Dean in the eastern Caribbean

August 17th, 2007 |


The big weather headline for the next week — for North America at least — will surely be Hurricane Dean, a category 3 hurricane over the far eastern Caribbean Sea (see the CIMSS Tropical Cyclones site for the latest information on Hurricane Dean). Earlier today (Friday), Dean entered the Caribbean passing north of St. Lucia and south of Martinique.

The color-enhanced water vapor loop above (shown at 3-hour intervals) shows Dean approaching the northern Windward Islands of the Carribean. The thunderstorms surrounding the hurricane center are vigorous and tall, with brightness temperatures cooler than 210 K. Sea Surface Temperatures along the storm’s track get progressively warmer. As the storm approached the Caribbean, wind shear values deduced from satellite winds at 0300 UTC, 0600 UTC and 0900 UTC show mainly low values with a jump at 0600 UTC that may have slowed intensification as the storm approached the windward islands. Another factor that may have delayed intensification is the large region of dry air surrounding Dean. This is the large black region in the water vapor imagery that surrounds Dean to the north and west. Analyses of Saharan Air Layers at 0000 UTC 17 August and 1200 UTC 17 August from Meteosat 8 and GOES West show that the dry region in the water vapor imagery likely originated over the Sahara. Air masses rich in Saharan dust are known to suppress hurricane formation. Satellite data can be used to detect such dust. Satellite data from the 12 micrometer channel is compared to satellite data in the 11 micrometer channel. Where the (12-11) value is positive (that is, where the 11-micrometer brightness temperature is colder than the 12-micrometer value), dust is likely present. Both Meteosat-8 (over the Equator at 0 W) and GOES-11 (GOES-West, over the equator at 135 W) have a 12-micrometer sensor. Unfortunately, from the perspective of dust detection over the Atlantic, GOES-12 (GOES-East, over the Equator at 75 W) does not.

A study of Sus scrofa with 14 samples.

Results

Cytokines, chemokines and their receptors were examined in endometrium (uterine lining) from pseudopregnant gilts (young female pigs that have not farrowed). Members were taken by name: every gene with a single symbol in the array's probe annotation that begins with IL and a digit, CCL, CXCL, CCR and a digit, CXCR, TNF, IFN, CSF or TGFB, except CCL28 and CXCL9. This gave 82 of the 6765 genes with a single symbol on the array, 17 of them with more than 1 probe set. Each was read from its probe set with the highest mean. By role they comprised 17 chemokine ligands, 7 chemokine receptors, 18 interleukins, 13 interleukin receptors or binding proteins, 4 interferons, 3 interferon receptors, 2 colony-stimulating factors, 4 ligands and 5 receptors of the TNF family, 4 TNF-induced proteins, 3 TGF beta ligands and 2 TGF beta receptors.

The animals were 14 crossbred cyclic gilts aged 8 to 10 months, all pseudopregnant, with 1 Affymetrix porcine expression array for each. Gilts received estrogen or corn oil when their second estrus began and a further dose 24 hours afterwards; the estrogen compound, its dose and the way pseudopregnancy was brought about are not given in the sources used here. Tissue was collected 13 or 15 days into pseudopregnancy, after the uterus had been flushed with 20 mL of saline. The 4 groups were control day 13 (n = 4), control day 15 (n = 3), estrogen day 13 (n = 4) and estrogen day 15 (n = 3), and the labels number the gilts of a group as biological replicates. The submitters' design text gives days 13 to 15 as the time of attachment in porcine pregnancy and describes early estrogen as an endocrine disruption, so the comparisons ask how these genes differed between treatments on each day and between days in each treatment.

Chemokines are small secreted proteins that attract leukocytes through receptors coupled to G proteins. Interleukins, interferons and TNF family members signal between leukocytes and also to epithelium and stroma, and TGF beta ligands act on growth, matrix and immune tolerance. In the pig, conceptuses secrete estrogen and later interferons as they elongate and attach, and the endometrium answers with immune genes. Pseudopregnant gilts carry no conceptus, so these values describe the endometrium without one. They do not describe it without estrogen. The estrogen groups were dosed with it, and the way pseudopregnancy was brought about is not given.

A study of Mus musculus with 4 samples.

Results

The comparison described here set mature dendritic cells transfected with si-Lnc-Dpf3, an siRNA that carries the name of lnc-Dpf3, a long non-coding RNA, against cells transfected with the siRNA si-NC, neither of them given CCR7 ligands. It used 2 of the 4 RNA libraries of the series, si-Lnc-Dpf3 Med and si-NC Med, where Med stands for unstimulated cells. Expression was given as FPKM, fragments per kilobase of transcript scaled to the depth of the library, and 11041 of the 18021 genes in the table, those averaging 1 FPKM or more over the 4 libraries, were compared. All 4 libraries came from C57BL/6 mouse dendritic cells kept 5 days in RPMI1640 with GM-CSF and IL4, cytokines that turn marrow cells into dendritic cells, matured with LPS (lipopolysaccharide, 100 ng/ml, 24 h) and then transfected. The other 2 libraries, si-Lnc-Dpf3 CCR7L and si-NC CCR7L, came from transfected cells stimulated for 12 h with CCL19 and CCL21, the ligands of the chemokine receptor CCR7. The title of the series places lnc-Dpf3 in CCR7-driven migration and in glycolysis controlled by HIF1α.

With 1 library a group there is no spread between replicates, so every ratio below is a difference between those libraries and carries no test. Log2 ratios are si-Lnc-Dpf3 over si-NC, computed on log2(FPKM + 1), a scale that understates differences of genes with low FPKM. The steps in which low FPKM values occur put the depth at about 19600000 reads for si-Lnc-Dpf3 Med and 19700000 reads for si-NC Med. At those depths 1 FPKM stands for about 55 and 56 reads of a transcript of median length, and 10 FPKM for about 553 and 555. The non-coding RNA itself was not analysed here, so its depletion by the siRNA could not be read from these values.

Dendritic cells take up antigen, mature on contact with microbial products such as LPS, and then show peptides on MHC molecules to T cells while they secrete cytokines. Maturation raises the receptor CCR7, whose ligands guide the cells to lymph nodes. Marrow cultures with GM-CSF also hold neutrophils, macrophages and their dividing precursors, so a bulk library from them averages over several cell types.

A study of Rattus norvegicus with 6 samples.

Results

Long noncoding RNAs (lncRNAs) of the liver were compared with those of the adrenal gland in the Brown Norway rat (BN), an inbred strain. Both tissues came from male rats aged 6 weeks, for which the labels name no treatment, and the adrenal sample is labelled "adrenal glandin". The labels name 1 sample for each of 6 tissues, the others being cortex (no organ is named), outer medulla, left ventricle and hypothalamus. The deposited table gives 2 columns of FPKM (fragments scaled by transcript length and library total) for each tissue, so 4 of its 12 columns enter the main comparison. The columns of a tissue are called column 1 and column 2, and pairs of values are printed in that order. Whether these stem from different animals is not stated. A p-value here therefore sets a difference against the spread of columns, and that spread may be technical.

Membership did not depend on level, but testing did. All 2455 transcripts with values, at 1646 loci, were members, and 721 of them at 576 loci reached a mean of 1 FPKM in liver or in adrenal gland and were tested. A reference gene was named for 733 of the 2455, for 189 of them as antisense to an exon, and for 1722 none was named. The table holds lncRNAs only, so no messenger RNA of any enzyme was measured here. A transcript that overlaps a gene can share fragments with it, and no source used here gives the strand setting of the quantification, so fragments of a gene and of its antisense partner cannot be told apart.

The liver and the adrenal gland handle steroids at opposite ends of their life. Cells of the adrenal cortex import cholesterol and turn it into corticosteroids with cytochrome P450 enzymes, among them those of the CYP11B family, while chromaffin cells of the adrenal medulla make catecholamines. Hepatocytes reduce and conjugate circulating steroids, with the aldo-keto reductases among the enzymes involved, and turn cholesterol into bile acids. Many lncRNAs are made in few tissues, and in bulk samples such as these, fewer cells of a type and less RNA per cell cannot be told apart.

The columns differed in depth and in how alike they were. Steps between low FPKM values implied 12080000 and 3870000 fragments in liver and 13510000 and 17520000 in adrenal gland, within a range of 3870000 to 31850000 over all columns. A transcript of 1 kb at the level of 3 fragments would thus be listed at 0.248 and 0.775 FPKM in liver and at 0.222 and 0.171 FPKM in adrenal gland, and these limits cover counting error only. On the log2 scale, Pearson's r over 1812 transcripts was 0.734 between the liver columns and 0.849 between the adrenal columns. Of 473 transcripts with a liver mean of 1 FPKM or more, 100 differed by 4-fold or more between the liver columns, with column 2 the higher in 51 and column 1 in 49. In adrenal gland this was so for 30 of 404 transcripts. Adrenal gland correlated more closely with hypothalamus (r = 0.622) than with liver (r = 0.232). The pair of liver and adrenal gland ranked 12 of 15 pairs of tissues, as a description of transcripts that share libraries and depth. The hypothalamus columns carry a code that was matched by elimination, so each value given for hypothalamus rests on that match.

Now that Dean has entered the Caribbean, the dry air indicated in the water vapor imagery has eroded. Little Saharan dust is detected. Wind shear values are low, and heat content in the water is high. There is little to prevent Dean from becoming a very dangerous storm in the western Caribbean.

The visible image at 1745 UTC 17 August shows the category-3 storm (110-knot winds at the surface based on 125-knot flight-level winds). Strong thunderstorms are present in the bands that spiral out from the visible eye. The color-enhanced infrared imagery from the same time shows outflow in all quadrants. Evacuation of mass through upper-level outflow is expected if central pressure falls are occurring.